By Lily Kuo
AsiaPublished Last updated This article is more than 2 years old.

Sensitive political comments are censored from Chinese websites all the time. Yet one recent video that got the “harmonization” ax appears to be a video paying homage to China’s outgoing leaders Hu Jintao and Wen Jiabao through images of the two painstakingly set to the lyrics of a popular love song. Here’s that video translated by Liz Carter, who monitors Chinese social media for the site Tea Leaf Nation.

The Hu-Wen video, featuring the song “It’s a shame it wasn’t you” by the Malaysian Chinese pop singer Fish Leong, was a top trending post on Sina Weibo on March 18 and was also on Chinese video sites Tudou and Youku. It appeared to have been deleted today (March 19), Carter says.  The song has been the basis of Chinese internet memes, including political topics. When the creator of China’s censorship system lamented online the death of a Chinese computer scientist last year, Chinese bloggers filled hundreds of pages of his blog with the phrase “It’s a shame it wasn’t you.”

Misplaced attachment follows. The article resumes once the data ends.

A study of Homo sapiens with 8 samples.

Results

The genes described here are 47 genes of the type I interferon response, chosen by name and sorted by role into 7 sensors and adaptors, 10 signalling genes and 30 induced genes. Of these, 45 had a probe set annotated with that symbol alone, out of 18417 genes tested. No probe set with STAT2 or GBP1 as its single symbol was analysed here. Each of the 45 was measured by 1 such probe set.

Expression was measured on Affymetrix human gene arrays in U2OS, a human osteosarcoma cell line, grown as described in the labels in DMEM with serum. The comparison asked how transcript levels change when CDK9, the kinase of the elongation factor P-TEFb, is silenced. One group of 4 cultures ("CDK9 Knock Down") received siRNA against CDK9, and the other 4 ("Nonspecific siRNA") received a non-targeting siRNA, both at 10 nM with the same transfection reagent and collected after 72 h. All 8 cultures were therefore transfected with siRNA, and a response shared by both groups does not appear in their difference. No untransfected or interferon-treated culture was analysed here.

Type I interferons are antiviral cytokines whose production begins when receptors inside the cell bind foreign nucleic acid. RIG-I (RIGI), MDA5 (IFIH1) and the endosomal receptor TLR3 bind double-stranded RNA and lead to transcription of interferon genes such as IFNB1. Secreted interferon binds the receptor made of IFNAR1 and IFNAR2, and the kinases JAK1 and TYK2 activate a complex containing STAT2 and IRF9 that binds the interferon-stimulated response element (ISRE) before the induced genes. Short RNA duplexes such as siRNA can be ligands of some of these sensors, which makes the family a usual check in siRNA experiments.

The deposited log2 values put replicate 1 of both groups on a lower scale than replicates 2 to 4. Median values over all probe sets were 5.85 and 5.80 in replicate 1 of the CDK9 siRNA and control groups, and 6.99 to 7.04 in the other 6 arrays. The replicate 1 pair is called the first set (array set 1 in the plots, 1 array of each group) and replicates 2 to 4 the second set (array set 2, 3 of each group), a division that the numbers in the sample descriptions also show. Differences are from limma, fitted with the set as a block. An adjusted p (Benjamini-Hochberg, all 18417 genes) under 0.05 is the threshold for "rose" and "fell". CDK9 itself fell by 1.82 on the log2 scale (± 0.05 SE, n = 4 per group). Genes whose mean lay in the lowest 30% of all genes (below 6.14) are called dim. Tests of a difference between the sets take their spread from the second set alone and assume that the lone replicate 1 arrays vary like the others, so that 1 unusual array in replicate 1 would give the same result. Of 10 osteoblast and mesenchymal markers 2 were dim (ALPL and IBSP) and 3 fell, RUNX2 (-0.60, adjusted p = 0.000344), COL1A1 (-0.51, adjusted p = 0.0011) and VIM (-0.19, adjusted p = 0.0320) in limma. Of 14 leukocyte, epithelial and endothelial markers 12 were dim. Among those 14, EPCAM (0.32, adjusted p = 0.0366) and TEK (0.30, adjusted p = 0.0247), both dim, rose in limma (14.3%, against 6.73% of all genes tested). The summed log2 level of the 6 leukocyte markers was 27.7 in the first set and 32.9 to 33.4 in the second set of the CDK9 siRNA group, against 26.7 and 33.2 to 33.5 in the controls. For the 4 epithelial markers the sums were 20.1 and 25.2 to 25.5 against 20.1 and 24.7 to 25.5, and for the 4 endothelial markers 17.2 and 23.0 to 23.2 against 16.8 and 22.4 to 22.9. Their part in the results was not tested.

At first brush, the video appears to be a fond farewell to Hu and Wen who formally stepped down this month, a reason why censors left it alone at first. But romantic Chinese ballads set against montages of video footage constitute a sort of genre of Chinese “internet literature,” Carter says, exploring emotions between two people, often male characters in television shows. Slow-motion shots of Hu and Wen smiling faintly, turning towards each other, and grasping each other’s hands could have suggested a romantic link, prompting censors to intervene.

Chinese officials may fear popular dissatisfaction with Hu and Wen, under whose leadership income inequality and pollution have worsened. But it’s possible this video was just the depiction of a simple “bromance” between two leaders, not a political statement. (The real identity of the producer(s) of the video is unknown.) Carter says, “He [or she] probably thinks they were okay leaders, and now that they’re leaving there’s some kind of nostalgia there.”